Defense

December 6, 2017
 

U.S. Air Force Airmen, bombers complete bilateral training in Australia

A U.S. Air Force B-1B Lancer, assigned to the 37th Expeditionary Bomb Squadron, deployed from Ellsworth Air Force Base, S.D., lands at Andersen AFB, Guam, Dec. 4, 2017. Two U.S. Air Force B-1B bombers conducted a continuous bomber presence mission on return to Andersen Air Force Base, Guam, from Royal Australian Air Force Base Amberley, Australia, where they have been since late November supporting U.S. Pacific Command’s Enhanced Air Cooperation initiative.

Two U.S. Air Force B-1B bombers conducted a continuous bomber presence mission on return to Andersen Air Force Base, Guam, from Royal Australian Air Force Base Amberley, Australia, Dec. 3.

The bombers and approximately 70 U.S. Air Force Airmen flew to RAAF Base Amberley in late November to train and fly with their Australian counterparts as part of the Enhanced Air Cooperation initiative operated by U.S. Pacific Command (PACOM) and supported by the United States and Australia.

Highlights from this fifth iteration of EAC included: an RAAF KC-30A aerial refuel of the B-1B; supporting the RAAF’s Lightning Focus exercise; and establishing an aviator information exchange program that will allow for training between the two air forces to continue on at RAAF Base Amberley and elsewhere in Australia.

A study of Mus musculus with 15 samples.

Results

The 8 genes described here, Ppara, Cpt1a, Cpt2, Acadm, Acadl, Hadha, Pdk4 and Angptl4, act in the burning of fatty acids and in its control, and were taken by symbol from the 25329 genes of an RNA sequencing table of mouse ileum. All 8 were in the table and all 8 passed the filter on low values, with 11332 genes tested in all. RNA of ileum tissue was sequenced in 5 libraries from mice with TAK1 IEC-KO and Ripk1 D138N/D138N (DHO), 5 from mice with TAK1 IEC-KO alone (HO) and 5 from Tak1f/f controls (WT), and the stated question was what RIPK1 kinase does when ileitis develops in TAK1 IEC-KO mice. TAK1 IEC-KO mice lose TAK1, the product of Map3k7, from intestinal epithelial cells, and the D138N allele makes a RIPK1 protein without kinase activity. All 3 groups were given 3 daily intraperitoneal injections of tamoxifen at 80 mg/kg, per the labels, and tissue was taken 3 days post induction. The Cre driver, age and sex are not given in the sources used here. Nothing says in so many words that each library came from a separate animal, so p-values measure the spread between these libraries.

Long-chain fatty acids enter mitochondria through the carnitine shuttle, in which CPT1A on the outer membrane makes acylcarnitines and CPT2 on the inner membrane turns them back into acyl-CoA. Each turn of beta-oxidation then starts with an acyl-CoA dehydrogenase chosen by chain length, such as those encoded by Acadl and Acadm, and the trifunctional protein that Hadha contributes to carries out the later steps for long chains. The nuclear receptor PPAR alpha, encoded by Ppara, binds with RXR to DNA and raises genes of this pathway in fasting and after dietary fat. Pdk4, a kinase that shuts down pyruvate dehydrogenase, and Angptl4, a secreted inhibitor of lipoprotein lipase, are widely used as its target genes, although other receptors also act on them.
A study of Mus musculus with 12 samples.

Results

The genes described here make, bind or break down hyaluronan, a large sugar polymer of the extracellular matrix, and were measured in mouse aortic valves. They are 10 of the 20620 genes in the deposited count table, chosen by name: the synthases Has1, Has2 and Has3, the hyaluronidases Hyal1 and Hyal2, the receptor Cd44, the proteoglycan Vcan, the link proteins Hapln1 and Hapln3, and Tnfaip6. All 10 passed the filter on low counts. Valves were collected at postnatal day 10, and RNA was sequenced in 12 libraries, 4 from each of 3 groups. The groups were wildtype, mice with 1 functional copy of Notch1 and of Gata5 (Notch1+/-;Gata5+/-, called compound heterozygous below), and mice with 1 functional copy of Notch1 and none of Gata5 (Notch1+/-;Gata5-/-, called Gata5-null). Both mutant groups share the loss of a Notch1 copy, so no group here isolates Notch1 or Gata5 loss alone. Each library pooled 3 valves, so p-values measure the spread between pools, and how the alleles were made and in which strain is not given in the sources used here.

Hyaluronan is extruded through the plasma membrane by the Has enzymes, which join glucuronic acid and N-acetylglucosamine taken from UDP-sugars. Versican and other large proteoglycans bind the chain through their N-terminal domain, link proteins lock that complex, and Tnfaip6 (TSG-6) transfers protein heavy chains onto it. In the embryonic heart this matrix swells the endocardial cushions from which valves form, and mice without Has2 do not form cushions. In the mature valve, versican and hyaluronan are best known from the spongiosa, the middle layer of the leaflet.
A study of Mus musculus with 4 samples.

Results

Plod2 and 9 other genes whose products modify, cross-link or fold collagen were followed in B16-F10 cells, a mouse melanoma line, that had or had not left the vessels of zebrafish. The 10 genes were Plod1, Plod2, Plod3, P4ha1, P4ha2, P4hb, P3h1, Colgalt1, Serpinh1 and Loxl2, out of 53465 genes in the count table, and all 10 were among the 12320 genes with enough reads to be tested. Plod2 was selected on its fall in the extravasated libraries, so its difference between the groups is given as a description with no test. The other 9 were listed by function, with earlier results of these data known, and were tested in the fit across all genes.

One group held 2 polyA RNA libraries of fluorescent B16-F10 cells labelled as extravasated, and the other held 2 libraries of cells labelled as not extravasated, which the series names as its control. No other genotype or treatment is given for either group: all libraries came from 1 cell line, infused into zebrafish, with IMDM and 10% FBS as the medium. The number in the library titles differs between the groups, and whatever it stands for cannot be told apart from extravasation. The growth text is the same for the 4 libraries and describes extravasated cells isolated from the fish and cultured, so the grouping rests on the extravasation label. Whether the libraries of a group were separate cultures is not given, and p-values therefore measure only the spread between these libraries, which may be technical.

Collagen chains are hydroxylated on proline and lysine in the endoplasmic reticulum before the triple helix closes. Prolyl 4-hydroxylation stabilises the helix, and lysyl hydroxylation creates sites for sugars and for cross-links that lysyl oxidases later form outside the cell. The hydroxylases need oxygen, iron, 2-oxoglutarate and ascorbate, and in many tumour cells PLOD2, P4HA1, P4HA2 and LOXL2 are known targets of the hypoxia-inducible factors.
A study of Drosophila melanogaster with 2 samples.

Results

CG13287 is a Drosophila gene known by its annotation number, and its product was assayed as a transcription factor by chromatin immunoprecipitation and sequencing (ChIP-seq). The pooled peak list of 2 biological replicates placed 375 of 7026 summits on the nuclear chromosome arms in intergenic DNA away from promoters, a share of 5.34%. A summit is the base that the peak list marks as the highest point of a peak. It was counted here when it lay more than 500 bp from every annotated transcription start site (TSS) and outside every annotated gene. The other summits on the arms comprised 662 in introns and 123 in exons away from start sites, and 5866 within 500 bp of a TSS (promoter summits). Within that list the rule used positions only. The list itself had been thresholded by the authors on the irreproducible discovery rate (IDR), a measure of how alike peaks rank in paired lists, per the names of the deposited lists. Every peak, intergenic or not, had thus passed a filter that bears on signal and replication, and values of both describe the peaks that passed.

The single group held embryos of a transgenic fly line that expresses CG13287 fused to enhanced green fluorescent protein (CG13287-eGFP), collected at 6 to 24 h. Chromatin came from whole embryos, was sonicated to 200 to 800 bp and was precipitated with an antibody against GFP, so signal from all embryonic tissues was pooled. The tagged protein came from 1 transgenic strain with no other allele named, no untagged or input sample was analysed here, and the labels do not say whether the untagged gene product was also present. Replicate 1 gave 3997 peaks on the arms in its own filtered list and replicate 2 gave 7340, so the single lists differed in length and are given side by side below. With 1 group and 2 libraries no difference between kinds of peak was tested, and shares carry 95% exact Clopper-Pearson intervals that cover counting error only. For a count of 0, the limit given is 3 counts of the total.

“Our countries have been flying and training together for a very long time,” said Lt. Col. Mark Kimball, 37th Expeditionary Bomb Squadron director of operations. “EAC gives us an opportunity to train and operate at the highest ends of the operational spectrum, making our two air forces better and stronger.”

Participating RAAF aircraft included the F/A-18F Super Hornet, E/A-18G Growler, and KC-30A Multi-role tanker transport.

“The B-1B Lancers participating in this exercise were part of the EAC program, which aims to increase interoperability between Australia and the United States,” said RAAF Air Commodore Mike Kitcher, Air Combat Group commander. “Conducting these flying activities is critical to our ongoing regional partnership, and provides specific currency and qualification training for our aircrew.”

With their training mission complete in Australia, the B-1Bs returned to Guam where they are based as part of the long running CBP program.

The employment of CBP missions in the PACOM area of responsibility (AOR), conducted since March 2004, are in accordance with international law and are vital to the principles that are the foundation of the rules-based global operating system.